AFPM president calls for biofuels regulation reform, end of RFS


The US ethanol market is ready to stand without support from government regulations and the Renewable Fuel Standard should be repealed, Chet Thompson, president of the American Fuel and Petrochemicals Manufacturers organization, said this week in an interview with S&P Global Platts.

"We think it's time that the ethanol market is mature and it can stand on its own," Thompson said on the sidelines of the National Ethanol Conference in San Diego. "This is not an anti-ethanol position. My members are some of the largest ethanol producers in the country, but we think that the time has come for the industry to fly on its own."

Thompson said that AFPM has sought and continues to seek a repeal of the federal Renewable Fuel Standard, the program that mandates biofuels blending with transportation fuel in the US.

"Let me be really clear about something, from AFPM's perspective our No. 1 goal is to seek, in this order: No. 1 RFS repeal ... and No. 2, if we're not going to get repeal, then we certainly would prefer legislative reform, which is why we support what Congressmen Flores and Welch propose. And our position is until that happens we believe EPA could take administrative action to make the program more equitable."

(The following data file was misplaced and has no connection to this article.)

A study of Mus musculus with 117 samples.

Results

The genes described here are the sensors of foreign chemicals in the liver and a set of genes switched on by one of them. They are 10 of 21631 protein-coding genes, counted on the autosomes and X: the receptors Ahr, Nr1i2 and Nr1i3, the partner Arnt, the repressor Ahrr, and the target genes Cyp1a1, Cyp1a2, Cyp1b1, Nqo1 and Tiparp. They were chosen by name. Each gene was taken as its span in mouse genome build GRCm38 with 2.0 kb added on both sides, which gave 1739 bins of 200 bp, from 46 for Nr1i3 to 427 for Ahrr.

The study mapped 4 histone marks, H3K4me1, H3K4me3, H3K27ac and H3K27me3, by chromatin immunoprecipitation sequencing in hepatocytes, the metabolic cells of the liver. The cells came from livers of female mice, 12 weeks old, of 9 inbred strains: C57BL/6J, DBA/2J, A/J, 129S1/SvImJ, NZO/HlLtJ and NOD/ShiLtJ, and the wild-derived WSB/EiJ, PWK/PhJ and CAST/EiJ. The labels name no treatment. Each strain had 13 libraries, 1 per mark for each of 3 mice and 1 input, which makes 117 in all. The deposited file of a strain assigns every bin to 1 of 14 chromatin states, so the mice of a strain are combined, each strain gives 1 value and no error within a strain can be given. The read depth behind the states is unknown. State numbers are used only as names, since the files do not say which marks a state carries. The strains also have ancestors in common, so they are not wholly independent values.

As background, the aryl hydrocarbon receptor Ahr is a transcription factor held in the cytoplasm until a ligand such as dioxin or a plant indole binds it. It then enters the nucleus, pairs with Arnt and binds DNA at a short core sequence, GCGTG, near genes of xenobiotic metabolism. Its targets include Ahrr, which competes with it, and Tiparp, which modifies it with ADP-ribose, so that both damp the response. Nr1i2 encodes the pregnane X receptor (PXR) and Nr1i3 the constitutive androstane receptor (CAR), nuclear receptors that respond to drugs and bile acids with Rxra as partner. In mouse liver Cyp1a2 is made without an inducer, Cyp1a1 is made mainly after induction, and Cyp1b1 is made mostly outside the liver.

Congressmen Bill Flores, R-Texas, and Peter Welch, D-Vermont, have put forward a bill to reform the RFS and cap ethanol blending with gasoline at 9.7%.

Thompson cited the advanced and cellulosic biofuels portions of the RFS as an example of regulation holding up a struggling industry.

"The problem with advanced and particularly cellulosic, is that it's undeniable the program is a failure," he said.

Congress set a goal of blending 5.5 billion gallons of cellulosic biofuels in 2017, but the Environmental Protection Agency has used waiver authority to lower the compliance goal to 311 million gallons in 2017.


"I think the California LCFS is illegal, I think it's unconstitutional," he said.

AFPM has sought litigation against California's program. Thompson acknowledged that route has not be successful yet, "but it's not over."

He went on to say that the Renewable Fuels Association, the largest biofuels group in the US, and AFPM could find common ground on opposition to parts of the LCFS.

"The LCFS is code for electrifying the fleet," he said.

Bob Dinneen, president of the RFA, and Thompson both spoke at the conference on the importance of keeping liquid transportation fuels viable.

"The Low Carbon Fuel Standard as California has set it up is really ... code for wanting to do away with our products and we have a real problem with that," Thompson said.

At the end of the day, AFPM wants commodities to operate in a free market, Thompson said. And that means keeping the playing field level for all participants.

"When you have the federal government coming up with programs designed to to eliminate fossil fuel use by 80%, which is what the Department of Energy had, when you have CAFE standards that are intentionally designed to make it so the only way to comply is to electrify the fleet ... we think those are unfair advantages to that industry," he said.